Can You Be Fired for Political Commentary?

In today’s world, political discourse is rarely civil and can often lead to potentially tense and/or hostile disagreements. However, if an employee makes the choice to discuss hotly contested political topics in the office, could that employee be subject to discipline for his/her viewpoints, or does the First Amendment protect free speech and shield the employee from any potential discipline? The answer is complicated.

First, an employee should know that the freedom of speech protections provided by the First Amendment only apply to state actors. A private employer can terminate an employee for any non-discriminatory reason, including speech. Therefore, this article will focus on the power of state agencies and employers.

In Hayes v. Massachusetts Bay Transportation Authority and IXP Corporation, an MBTA employee was terminated for a controversial political statement that offended his coworkers at the MBTA’s 911 call center. He then brought suit against the MBTA and the IXP Corporation (an independent company that staffed the MBTA’s 911 call center) for violation of his First Amendment right to free speech.

The MBTA and the IPX Corporation filed motions for summary judgment, asserting there were no material facts in dispute. The Court denied the motion. In its analysis, the Court did not weigh whether the employee’s remark was objectively or subjectively offensive, since even bigoted or offensive comments enjoy First Amendment protections. The Court also did not make a determination as to whether the employee’s comment should have resulted in his termination. Instead, the Court cited a three-part test to analyze whether an adverse employment action against a public employee violated his First Amendment free speech rights. First, the Court indicated it must determine whether the employee spoke as a citizen on a matter of public concern. Second, the Court said it must balance the interests of the employee, as a citizen, in commenting on matters of public concern and the interest of the State, as an employer, in promoting the efficiency of public services it performs through its employees. Third, the court stated the employee must show the protected expression was a substantial or motivating factor in the adverse employment decision.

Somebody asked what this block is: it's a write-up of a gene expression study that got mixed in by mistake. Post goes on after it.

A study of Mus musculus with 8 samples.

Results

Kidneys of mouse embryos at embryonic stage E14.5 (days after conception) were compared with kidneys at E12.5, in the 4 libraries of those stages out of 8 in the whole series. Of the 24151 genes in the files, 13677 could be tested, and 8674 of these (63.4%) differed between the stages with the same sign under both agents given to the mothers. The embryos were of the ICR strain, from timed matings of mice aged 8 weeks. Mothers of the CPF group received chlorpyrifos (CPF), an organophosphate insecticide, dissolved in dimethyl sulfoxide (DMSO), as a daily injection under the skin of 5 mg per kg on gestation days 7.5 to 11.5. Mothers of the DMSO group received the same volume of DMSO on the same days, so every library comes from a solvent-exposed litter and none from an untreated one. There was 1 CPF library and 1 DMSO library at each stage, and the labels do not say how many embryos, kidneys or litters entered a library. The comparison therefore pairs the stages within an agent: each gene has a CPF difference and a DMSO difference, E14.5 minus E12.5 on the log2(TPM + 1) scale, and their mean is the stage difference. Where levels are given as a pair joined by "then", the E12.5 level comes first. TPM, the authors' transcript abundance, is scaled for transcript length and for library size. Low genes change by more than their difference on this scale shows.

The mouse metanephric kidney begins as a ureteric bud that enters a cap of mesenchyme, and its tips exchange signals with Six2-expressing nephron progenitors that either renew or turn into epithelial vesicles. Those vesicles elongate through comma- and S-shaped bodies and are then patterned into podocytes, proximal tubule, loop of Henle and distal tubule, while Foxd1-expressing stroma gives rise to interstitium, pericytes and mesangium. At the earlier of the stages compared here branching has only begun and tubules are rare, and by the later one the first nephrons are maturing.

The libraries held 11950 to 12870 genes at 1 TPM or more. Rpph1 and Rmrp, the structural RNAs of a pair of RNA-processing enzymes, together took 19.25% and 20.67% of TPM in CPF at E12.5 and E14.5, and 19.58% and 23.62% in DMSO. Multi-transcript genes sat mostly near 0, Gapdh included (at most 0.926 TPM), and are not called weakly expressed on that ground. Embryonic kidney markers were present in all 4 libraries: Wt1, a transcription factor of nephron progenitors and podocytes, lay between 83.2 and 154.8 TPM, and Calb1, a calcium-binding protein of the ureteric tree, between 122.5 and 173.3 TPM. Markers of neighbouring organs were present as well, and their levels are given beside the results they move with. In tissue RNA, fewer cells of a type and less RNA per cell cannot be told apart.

In this case, the Court noted that only the second prong of the test was genuinely in dispute since the defendants did not challenge that Hayes was speaking as a citizen on a matter of public concern or that the statement was a motivating factor in his termination. The Court stated the controversy is whether Hayes’ free speech interests are outweighed by the MBTA’s efficiency interests and that this requires a hard look at the facts of the case, including the nature of the employment and the context in which the employee spoke. The Court concluded the factual disputes precluded summary judgment and the case will proceed to trial to determine whether the employee was terminated because his comment was offensive, or whether he was terminated because his employer needed to protect the workplace from disruption and enforce company policy. An employee cannot be terminated based on the former, only the latter.

In conclusion, employees of public offices are afforded First Amendment protections for the content of speech, but only to the extent that the speech does not substantially disrupt operations or directly violate company policy.